A prominent Spanish organization that is dedicated to preserving the country’s Jewish heritage awarded a prize to a local politician who had accused Israel of “massacring” Palestinian children.
The Centro Sefarad-Israel, which was created with government funding in 2006 and based in Madrid, awarded its Crown of Esther prize on Thursday to Maite Pagazaurtundua, a Spanish lawmaker serving at the European Parliament, Europa Press reported. She received the award for her “defense of justice and freedom,” the report said.
In 2014, Pagazaurtundúa co-signed a letter with several other members of the Alliance of Liberals and Democrats — the parliamentary bloc to which Pagazaurtundúa’s Union of Progress and Democracy belongs — condemning Israel’s actions against Hamas in Gaza. It was addressed to Martin Schulz, then the president of the European Parliament.
“An immediate ceasefire is needed to put an end to the massacre and the suffering of the civilian population, many of them children,” the letter read.
The letter co-signed by Pagazaurtundúa, a Basque politician who is known in Spain for denouncing the terrorist activities of the ETA Basque nationalist militia, did not mention Hamas or Palestinian terrorism.
The Spanish Foreign Ministry and the Madrid municipality set up Centro Sefarad-Israel in the framework of efforts to restore sites connected with the Jewish Sephardi presence in Spain that ended in 1492 with the start of the Spanish Inquisition.
Spain and Portugal, which began implementing its own Inquisition in 1536, passed laws in 2013 granting citizenship to descendants of Sephardic Jews. At least 4,500 people have received Spanish nationality, and hundreds more received the Portuguese one. Leaders from both countries said the laws affording nationality to Sephardim were meant to atone for the persecution.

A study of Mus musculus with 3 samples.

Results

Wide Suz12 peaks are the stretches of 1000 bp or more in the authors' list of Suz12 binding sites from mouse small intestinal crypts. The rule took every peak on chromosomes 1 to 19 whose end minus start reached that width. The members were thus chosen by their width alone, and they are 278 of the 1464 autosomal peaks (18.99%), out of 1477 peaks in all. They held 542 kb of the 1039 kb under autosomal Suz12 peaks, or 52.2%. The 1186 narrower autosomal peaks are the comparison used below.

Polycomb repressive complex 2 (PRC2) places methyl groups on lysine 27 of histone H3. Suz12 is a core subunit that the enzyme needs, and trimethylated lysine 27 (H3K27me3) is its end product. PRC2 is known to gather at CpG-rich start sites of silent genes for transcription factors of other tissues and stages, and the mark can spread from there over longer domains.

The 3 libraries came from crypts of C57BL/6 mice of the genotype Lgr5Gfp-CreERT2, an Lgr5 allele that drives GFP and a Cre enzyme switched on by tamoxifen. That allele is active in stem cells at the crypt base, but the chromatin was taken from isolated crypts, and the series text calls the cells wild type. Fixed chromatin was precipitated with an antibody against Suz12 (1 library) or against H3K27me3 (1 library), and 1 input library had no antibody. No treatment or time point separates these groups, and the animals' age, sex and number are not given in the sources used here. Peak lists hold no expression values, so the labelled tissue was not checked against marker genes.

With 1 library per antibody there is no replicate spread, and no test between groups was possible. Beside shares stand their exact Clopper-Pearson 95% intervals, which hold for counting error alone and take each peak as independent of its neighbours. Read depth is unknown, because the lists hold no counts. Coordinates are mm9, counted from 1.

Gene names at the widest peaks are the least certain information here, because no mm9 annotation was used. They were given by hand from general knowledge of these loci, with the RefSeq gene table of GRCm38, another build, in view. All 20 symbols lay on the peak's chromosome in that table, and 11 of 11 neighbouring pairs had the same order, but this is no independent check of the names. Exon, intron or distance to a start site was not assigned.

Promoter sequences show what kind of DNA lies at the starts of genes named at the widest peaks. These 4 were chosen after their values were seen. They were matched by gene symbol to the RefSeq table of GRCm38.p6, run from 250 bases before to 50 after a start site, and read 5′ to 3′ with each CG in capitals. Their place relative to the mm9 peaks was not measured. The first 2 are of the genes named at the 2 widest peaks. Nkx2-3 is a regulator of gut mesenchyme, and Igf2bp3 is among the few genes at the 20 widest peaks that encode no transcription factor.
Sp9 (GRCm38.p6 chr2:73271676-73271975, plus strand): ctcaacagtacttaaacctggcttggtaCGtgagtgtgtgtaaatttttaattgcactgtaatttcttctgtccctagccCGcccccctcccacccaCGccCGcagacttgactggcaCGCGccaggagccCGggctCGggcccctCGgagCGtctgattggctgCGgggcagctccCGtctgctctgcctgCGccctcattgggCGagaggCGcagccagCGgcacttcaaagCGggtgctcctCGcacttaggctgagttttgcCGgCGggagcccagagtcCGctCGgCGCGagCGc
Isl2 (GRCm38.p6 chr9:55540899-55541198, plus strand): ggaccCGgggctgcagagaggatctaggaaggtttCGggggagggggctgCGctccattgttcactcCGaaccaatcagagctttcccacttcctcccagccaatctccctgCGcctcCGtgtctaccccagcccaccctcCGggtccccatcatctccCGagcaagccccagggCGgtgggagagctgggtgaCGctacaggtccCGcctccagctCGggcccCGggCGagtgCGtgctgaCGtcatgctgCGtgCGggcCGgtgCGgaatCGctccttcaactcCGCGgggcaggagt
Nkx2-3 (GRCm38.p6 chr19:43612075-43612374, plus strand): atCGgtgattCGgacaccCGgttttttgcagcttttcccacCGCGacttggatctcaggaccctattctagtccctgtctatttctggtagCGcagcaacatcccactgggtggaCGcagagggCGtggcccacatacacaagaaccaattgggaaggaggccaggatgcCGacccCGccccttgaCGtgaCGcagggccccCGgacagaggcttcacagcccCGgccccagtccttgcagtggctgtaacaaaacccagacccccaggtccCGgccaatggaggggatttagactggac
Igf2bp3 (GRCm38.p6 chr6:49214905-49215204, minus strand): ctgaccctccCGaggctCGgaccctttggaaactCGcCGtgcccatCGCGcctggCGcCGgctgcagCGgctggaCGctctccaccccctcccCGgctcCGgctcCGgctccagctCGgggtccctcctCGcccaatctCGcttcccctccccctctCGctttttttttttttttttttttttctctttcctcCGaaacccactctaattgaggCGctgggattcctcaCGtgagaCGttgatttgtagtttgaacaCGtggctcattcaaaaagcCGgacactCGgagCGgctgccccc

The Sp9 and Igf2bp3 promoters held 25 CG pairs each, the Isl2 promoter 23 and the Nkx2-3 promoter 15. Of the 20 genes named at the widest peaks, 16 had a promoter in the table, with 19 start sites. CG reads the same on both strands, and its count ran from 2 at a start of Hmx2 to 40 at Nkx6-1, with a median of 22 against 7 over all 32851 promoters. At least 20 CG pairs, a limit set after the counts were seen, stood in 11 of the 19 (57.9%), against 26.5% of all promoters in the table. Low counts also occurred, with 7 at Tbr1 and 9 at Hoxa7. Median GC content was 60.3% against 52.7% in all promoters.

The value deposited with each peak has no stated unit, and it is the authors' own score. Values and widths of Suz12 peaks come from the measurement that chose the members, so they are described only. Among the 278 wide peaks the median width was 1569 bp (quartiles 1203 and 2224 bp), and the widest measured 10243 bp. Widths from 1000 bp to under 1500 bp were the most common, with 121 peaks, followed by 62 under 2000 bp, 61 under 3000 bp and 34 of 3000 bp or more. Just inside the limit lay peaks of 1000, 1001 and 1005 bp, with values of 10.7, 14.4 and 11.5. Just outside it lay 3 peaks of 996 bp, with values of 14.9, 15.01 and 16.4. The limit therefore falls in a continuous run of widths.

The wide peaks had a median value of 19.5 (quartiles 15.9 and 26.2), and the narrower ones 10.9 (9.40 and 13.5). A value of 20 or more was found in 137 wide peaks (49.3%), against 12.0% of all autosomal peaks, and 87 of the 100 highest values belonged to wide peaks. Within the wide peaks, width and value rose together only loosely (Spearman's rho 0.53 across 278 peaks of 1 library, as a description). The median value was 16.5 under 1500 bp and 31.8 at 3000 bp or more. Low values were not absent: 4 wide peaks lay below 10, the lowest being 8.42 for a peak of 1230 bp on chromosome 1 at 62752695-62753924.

On Tuesday, the SAPO broadcaster in Portugal reported that the French-Israel media mogul Patrick Drahi, who founded the international Israel-based news channel i24news, received the Portuguese nationality.
Municipalities in Portugal and Spain in recent years began investing in preserving their Jewish heritage sites and relevant treasures.
The town of Covilha in Portugal last year placed in City Hall a 400-year-old Torah scroll that had been discovered during renovations, and may have been concealed by Jews practicing Judaism in secret during the inquisition.
On Tuesday, the municipality said it would keep the scroll there indefinitely following the defeat in court of a claim of ownership of the scroll by a local businessman who said he bought the scroll from one of the construction workers who discovered the object, the Lusa news agency reported.
Separately, dozens of Portuguese historians gathered Monday at the southern Portuguese city of Faro for a symposium marking 530 years since the completion of the first book ever printed in Portugal, a Hebrew Bible. A copy of the Bible, known in Portugal as the Pentateuco, was completed in Faro on July 30, 1487, by the Jewish publisher Samuel Gacon.
The book is on display at an Oxford University library. It is believed to have been captured in battle and brought to England following a skirmish between British and Portuguese troops in 1596.
But a researcher speaking at the seminar, Rui Loureiro of the Manuel Teixeira Gomes Superior Institute, a prestigious university based in the town of Portimão near Faro, disputed this theory, the sul Informacao website reported. Citing a paucity of records of the book’s transfer, Loureiro argued the book was “taken by a Jewish person who emigrated” because of the Inquisition.